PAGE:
On-screen text: BOATING
Speaker 1: Who’s required to wear a life jacket?
Speaker 2: If you’re under the age of 13, you need to wear a life jacket.
Speaker 1: In New Hampshire, if you’re being towed: water-skiing or tubing, or on a float, do you have to wear a life jacket?
Speaker 2: Yes, you do. Yes. If you’re being towed on a tube, if you’re water-skiing.
Speaker 1: How many life jackets need to be in a boat?
Speaker 2: Any vessel that’s used for transportation—that would include a motorboat, but that also includes kayaks, canoes, paddleboards—you need to have a wearable life jacket for each person in the boat, life jackets of the right size and fit for everybody on the boat. If you have two people on the boat and one’s an adult, one’s a child, and all you have is adult life jackets, that doesn’t meet the requirement for having wearable life jackets on your boat.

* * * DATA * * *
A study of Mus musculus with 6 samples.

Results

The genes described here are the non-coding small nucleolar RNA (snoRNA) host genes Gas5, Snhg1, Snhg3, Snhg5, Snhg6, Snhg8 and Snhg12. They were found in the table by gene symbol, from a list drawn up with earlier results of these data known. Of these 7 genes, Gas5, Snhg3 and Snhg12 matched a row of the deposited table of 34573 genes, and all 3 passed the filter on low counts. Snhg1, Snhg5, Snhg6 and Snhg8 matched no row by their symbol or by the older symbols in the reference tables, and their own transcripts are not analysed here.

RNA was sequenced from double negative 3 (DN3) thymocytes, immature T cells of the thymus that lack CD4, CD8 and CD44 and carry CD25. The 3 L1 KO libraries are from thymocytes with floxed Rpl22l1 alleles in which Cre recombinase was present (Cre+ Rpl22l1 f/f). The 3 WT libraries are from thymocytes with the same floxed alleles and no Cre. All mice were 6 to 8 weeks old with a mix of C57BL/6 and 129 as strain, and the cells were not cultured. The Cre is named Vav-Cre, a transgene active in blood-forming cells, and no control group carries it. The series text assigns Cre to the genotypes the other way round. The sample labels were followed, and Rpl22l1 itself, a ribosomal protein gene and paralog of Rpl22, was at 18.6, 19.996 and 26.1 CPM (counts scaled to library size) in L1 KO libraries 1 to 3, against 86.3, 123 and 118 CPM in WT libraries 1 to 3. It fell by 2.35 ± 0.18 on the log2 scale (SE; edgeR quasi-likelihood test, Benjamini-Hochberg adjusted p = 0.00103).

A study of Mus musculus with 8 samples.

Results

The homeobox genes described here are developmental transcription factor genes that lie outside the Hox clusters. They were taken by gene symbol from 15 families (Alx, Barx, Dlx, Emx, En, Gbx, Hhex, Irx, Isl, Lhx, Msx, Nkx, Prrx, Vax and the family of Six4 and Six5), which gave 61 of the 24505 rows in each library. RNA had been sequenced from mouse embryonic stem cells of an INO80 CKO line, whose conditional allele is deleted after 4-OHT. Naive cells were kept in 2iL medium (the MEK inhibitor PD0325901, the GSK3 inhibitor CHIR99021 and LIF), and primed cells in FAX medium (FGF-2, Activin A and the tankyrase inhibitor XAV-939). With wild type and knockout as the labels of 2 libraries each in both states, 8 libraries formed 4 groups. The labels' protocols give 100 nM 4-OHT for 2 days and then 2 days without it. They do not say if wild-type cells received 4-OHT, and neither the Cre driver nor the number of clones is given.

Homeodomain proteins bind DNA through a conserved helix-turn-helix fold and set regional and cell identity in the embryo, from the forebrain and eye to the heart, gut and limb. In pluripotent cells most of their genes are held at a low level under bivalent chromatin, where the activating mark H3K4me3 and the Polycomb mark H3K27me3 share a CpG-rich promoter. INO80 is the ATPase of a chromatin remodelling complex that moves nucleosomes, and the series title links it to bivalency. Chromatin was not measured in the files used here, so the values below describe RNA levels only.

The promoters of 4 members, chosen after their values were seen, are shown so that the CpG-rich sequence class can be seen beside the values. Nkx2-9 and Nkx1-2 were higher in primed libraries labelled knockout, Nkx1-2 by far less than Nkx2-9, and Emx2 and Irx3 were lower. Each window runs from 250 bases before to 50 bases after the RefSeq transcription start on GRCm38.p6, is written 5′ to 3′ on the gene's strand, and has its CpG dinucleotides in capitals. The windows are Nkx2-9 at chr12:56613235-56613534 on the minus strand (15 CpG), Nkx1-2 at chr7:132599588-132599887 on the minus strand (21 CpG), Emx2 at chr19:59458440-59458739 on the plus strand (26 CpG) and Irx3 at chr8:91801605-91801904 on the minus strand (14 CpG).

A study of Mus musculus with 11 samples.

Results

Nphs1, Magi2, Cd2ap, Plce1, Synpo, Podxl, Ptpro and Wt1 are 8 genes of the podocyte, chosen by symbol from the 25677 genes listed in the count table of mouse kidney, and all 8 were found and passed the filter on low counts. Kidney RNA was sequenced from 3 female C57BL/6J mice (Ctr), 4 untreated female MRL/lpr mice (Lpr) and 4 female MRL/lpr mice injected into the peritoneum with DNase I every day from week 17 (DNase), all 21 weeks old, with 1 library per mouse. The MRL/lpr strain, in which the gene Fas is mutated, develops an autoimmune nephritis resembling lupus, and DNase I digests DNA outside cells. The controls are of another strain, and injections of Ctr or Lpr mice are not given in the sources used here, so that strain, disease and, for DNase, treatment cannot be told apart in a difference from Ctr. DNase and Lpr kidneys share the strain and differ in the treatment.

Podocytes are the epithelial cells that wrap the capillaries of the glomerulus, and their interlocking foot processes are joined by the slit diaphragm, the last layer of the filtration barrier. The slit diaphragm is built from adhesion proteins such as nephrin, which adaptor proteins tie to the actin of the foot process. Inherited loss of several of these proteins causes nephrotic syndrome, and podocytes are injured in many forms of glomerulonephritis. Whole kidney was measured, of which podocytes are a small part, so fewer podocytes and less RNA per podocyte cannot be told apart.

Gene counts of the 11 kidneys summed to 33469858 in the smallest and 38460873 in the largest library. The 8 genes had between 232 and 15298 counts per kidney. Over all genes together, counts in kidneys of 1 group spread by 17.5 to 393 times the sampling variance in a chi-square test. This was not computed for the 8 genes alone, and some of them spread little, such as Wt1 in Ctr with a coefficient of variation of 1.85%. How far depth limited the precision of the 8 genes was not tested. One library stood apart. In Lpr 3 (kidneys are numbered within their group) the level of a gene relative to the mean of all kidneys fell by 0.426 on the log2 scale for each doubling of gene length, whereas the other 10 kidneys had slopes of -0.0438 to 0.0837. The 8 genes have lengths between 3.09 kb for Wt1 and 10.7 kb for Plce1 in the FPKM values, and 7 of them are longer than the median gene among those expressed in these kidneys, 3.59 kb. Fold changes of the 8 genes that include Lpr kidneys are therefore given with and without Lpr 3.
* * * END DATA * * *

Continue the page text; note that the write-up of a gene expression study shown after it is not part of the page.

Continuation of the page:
The requirement for these life jackets—they have to be Coast Guard–approved. They need to be in serviceable condition, so they can’t have any rips or tears or any other defects to the life jacket.
They have to be readily accessible, which for life jackets, that means within arm’s reach. They can’t be in a locked compartment or a closed compartment. They can’t be under one of those big seats, where you have to move the seat to get the life jackets. They need to be something where you can just reach for them and put them on in case something goes wrong in a boat. And things go wrong in boats very quickly, so you don’t have time to just take your time and grab a life jacket. That’s why “readily accessible” is so important.